August 13, 2020


Drones for Hong Kong Seaside Safety

With the drone’s ability to take high-resolution images of pier substructures, there would be no need to construct scaffolding to provide safe access for inspectors.

The Civil Engineering & Development Department aims to conduct drone tests at 10 piers early next year. Moreover, the department’s Chief Engineer hopes that with the introduction of this new technology, they can also reduce the time, reduce the cost in erecting scaffolds to carry out inspections underneath the pile deck so that the team can also improve efficiency during inspections.

Drones to Perform Thorough Checks

The department maintains about 127km of seawalls and breakwaters and 318 piers and landing steps. Diving teams usually carry out inspections of these structures, but this can be time-consuming and be dependent on many factors.

This is usually affected by the adverse weather, the marine traffic conditions and also the tide level variations.

Since 2018, the department has deployed a suite of advanced surveying equipment to fulfil the increasing demand for inspections of marine structures.

These include the Multibeam Echo Sounder & Laser Scanner System, installed on a boat.

The system produces detailed three-dimensional data by transmitting sound waves underwater to measure seabed profiles and scanning terrestrial profiles with laser beams. An imaging sonar that produces digital images is also used.

Bolstering Storm Defence

In the space of just a couple of years, two super typhoons – Hato and Mangkhut – lashed Hong Kong, causing widespread damage.

To be better prepared to handle future typhoons and extreme weather conditions, the Civil Engineering & Development Department has introduced new survey technologies and carried out improvement works of marine facilities, an earlier press release notes.

The department now sends its survey vessel to inspect marine facilities like seawalls and breakwaters regularly.

New survey technologies have been installed onboard the vessel such as the Integrated Multibeam Echo Sounder & Laser Scanner System which can visualise data being captured in real-time from both above and below the waterline.

The Multibeam Echo Sounder works by transmitting a fan of sound pulses to measure the shape of a marine facility underwater, while the Laser Scanner System measures the terrain above water level.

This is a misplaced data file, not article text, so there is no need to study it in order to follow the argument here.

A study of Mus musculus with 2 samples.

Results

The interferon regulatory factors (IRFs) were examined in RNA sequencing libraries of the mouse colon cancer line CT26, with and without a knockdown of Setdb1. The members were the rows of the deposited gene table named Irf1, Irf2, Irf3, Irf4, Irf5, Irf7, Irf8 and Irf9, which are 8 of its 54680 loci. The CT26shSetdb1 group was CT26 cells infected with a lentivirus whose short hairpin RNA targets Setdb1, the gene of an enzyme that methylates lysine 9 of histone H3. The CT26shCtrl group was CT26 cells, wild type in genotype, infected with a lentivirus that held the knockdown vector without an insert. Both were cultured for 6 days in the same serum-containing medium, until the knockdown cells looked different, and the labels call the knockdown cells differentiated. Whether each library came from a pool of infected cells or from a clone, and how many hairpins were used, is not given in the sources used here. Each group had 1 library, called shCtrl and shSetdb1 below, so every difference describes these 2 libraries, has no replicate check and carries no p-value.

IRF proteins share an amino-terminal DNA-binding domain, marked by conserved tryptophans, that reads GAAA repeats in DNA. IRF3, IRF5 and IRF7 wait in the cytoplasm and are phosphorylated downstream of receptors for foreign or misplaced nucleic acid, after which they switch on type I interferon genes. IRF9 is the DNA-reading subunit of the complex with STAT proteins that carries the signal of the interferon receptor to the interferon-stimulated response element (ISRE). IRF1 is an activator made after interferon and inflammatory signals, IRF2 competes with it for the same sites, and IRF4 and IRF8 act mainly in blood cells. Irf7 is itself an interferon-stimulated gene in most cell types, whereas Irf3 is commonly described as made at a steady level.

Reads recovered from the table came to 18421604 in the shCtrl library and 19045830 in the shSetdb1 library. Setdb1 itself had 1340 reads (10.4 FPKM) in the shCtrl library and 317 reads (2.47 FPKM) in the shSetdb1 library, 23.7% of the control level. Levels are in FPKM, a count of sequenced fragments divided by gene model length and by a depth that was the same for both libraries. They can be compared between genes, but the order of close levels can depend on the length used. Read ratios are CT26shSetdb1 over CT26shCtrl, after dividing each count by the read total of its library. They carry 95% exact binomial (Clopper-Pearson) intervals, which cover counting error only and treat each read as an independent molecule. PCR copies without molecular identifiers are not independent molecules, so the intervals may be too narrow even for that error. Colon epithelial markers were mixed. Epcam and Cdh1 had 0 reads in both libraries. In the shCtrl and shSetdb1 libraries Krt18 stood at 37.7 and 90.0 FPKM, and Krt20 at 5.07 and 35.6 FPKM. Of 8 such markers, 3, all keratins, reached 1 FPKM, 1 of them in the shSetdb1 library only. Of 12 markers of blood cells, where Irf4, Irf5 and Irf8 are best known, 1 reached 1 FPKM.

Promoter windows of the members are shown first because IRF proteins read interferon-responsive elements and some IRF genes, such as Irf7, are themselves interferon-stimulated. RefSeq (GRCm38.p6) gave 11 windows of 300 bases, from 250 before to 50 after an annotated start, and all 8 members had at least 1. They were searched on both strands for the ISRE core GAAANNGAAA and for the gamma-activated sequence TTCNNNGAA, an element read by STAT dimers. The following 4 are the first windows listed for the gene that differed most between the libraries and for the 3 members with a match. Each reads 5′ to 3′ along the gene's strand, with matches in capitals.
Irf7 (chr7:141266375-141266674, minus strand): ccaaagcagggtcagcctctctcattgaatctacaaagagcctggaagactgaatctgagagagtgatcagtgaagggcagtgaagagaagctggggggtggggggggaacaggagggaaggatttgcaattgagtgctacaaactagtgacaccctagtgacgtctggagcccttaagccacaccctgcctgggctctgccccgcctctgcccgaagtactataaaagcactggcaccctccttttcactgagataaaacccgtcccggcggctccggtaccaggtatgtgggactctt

A Land Surveyor from the Civil Engineering & Development Department stated that after combining the data set, the team was able to portray a clear 3D model of the marine facilities. By inspecting the 3D point cloud model, they were also able to determine if there is any significant defect in the marine facilities

The Imaging Sonar System is also deployed to gather images for underwater inspection. Its remote-controlled rotatable 2D sonar view can produce high-resolution images to identify damaged structures, so the department can arrange for follow-up action.

The Imaging Sonar System can see through the underwater conditions, even in zero visibility. It transmits an echo and then receives the return and turns it into a digital signal so that we are able to capture the high-resolution close-range video of the marine facilities.

The department introduced these new technologies after super typhoon Hato hit Hong Kong in 2017, to enhance the efficiency and effectiveness of underwater inspections of marine structures.

The technology was especially useful following the passage of super typhoon Mangkhut in 2018, after which the system was put to real use. The department carried out several emergency surveys to inspect the damaged seawalls to review the extent of the damage. This information is valuable for our engineers to propose remedial works afterward.

Thinking Ahead

The department is trying out new ways to respond to the emerging need for rapid safety assessments; new technologies add value to the department’s inspection works as they can redeploy resources into other detailed inspections. This allows teams to carry out more comprehensive inspections of marine structures.